Korea has been a single political entity controlling over Korean Peninsula until the end of World War II, when Soviet Union and United States each occupied northern and southern halves respectively. The division further leads to founding of today’s North Korea and South Korea. Tensions between two countries remain high as both parties want to bring a unified peninsula under its rule. Heavy military are still stationed at the border which runs along north of 38th parallel.
South and North Korea family reunion date fails to dispel wariness
Deal between Pyongyang, Seoul overshadowed by US war games in region
North and South Korea agreed yesterday to hold a reunion later this month for families separated by the 1950-53 Korean War - the first such event for more than three years.
Officials from both sides, meeting in the border truce village of Panmunjom, decided the reunion would be held from February 20-25 at the North's Mount Kumgang resort, the South's Unification Ministry said.
The agreement marks a small sign of progress between the two rivals who, in recent years, have struggled to co-operate on even the most basic trust-building measures. However, both sides have been here before.
The two Koreas had agreed to hold a reunion last September but, even as the chosen relatives prepared to make their way to Mount Kumgang, Pyongyang cancelled the event just four days before its scheduled start, citing "hostility" from the South.
And there are widespread concerns that the families could end up being disappointed again this time around.
South Korea is due to begin joint military exercises with the United States at the end of February, and North Korea has warned of dire consequences should they go ahead.
The annual drills are always a diplomatic flashpoint on the Korean peninsula, and last year resulted in an unusually extended period of heightened military tension.
Yoo Ho-yeol, professor of North Korean Studies at Seoul's Korea University, predicted that the North would use the reunion as a bargaining chip.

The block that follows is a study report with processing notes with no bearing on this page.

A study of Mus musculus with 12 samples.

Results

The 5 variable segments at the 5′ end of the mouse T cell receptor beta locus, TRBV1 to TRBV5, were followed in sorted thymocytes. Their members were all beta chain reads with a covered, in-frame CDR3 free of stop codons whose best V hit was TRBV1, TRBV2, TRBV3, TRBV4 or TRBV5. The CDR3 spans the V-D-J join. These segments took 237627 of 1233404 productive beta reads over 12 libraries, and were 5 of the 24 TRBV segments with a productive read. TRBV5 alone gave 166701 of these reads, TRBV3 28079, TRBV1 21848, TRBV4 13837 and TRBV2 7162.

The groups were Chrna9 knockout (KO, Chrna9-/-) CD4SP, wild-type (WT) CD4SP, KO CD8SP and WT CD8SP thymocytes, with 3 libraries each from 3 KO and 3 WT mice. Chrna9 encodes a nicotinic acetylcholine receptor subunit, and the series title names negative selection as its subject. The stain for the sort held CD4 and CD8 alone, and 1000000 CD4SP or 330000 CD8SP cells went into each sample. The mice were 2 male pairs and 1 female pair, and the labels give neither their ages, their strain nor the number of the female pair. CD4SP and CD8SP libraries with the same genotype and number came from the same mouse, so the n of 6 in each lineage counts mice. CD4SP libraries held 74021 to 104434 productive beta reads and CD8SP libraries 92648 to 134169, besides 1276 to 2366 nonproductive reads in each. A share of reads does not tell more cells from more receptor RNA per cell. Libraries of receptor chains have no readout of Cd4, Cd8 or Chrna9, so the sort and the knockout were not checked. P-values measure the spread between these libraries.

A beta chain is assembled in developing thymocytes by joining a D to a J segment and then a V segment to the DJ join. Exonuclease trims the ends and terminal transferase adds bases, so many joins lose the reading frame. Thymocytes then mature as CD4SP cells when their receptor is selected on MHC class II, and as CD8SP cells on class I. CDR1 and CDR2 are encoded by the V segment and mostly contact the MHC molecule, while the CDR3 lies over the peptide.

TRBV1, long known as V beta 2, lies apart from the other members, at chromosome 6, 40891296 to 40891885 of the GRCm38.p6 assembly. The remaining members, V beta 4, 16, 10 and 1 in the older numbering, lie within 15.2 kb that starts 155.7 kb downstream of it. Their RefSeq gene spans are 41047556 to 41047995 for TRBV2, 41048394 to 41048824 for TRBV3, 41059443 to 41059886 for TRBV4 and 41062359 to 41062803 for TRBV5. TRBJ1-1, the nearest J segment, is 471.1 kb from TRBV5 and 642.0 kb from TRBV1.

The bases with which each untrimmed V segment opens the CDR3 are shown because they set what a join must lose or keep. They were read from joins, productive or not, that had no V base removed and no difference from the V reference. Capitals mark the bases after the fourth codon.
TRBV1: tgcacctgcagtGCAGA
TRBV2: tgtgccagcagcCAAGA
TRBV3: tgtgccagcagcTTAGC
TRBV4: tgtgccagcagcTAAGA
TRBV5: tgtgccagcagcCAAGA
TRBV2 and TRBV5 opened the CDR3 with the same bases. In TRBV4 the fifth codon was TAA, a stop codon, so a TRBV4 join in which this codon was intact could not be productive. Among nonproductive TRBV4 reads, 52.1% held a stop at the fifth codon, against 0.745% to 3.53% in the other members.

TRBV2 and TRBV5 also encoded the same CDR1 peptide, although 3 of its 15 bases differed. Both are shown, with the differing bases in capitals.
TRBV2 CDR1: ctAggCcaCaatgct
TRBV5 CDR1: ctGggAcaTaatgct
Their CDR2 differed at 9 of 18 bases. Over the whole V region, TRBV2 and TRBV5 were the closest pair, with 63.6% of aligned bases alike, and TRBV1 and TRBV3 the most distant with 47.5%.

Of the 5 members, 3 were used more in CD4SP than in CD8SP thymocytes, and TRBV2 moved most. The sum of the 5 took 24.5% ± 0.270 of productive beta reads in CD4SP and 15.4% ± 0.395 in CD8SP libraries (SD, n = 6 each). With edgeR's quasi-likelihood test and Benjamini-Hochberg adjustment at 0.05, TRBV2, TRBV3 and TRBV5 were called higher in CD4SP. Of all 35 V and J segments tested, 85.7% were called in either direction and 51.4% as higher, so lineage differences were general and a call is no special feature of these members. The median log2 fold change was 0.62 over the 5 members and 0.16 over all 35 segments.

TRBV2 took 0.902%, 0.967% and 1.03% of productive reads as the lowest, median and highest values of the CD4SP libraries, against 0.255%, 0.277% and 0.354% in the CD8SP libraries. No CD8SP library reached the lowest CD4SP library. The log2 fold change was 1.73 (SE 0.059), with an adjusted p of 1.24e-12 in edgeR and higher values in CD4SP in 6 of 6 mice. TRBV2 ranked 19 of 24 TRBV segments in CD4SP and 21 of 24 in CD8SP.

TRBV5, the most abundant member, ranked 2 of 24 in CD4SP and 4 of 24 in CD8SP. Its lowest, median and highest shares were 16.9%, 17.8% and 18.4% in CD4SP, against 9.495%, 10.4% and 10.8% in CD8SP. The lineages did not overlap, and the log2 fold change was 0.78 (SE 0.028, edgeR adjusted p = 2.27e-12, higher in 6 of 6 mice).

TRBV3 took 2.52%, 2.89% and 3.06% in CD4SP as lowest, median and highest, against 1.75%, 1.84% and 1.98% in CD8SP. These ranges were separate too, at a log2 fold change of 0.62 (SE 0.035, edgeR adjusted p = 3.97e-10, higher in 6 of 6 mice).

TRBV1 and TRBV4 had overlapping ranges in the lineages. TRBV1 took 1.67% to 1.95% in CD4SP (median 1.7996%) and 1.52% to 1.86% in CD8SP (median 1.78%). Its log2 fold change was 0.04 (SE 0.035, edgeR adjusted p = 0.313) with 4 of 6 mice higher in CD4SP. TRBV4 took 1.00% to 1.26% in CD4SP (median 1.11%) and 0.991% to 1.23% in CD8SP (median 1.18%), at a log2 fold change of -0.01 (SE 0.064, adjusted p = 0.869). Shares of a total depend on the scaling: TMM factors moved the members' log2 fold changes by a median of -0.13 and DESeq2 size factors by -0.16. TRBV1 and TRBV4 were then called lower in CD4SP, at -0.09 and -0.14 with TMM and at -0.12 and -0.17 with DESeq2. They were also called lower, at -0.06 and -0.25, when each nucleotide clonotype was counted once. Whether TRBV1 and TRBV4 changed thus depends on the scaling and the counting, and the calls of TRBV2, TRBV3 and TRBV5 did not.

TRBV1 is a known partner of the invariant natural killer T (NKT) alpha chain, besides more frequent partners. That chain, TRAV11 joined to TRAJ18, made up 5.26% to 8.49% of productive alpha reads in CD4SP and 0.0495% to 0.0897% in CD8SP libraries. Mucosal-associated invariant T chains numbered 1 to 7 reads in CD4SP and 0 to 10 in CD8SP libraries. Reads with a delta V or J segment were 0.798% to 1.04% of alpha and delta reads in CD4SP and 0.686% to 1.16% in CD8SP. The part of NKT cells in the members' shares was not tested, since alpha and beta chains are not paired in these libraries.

"Rather than cancelling the event again, it may try to extract concessions, like a scaling down of the joint military exercises, or an easing of South Korean sanctions," Yoo said.
Millions of Koreans were separated by the war, and the vast majority have since died without having any communication at all with surviving relatives.
Because the Korean conflict concluded with an armistice rather than a peace treaty, the two Koreas technically remain at war and direct exchanges of letters or telephone calls are prohibited.
Up to 73,000 South Koreans are on a waiting list for a chance to take part in one of the reunion events, which select only a few hundred participants at a time.
The reunion programme began in earnest in 2000 following an historic inter-Korean summit. Sporadic events since then have seen around 17,000 relatives briefly reunited. But the programme was suspended in 2010 following the North's shelling of a South Korean border island.
Pyongyang is also pushing for a resumption of six-party talks on its nuclear programme - a long-stalled process involving the two Koreas, China, Japan, Russia and the United States.
Since the beginning of the year, North Korea has been on a charm offensive, making a series of conciliatory gestures that critics have largely dismissed.
Four members of the US Congress have sent a letter to Kim Jong-un urging him to release imprisoned American missionary Kenneth Bae.
"You have done the right thing by releasing a fellow Korean War veteran, Merrill Newman, to return home ... you would be making further progress on the humanitarian front by freeing Kenneth Bae to reunite with his family," stated the letter.
Bae, 45, has been held for more than a year after being sentenced to 15 years of hard labour for trying to overthrow the state.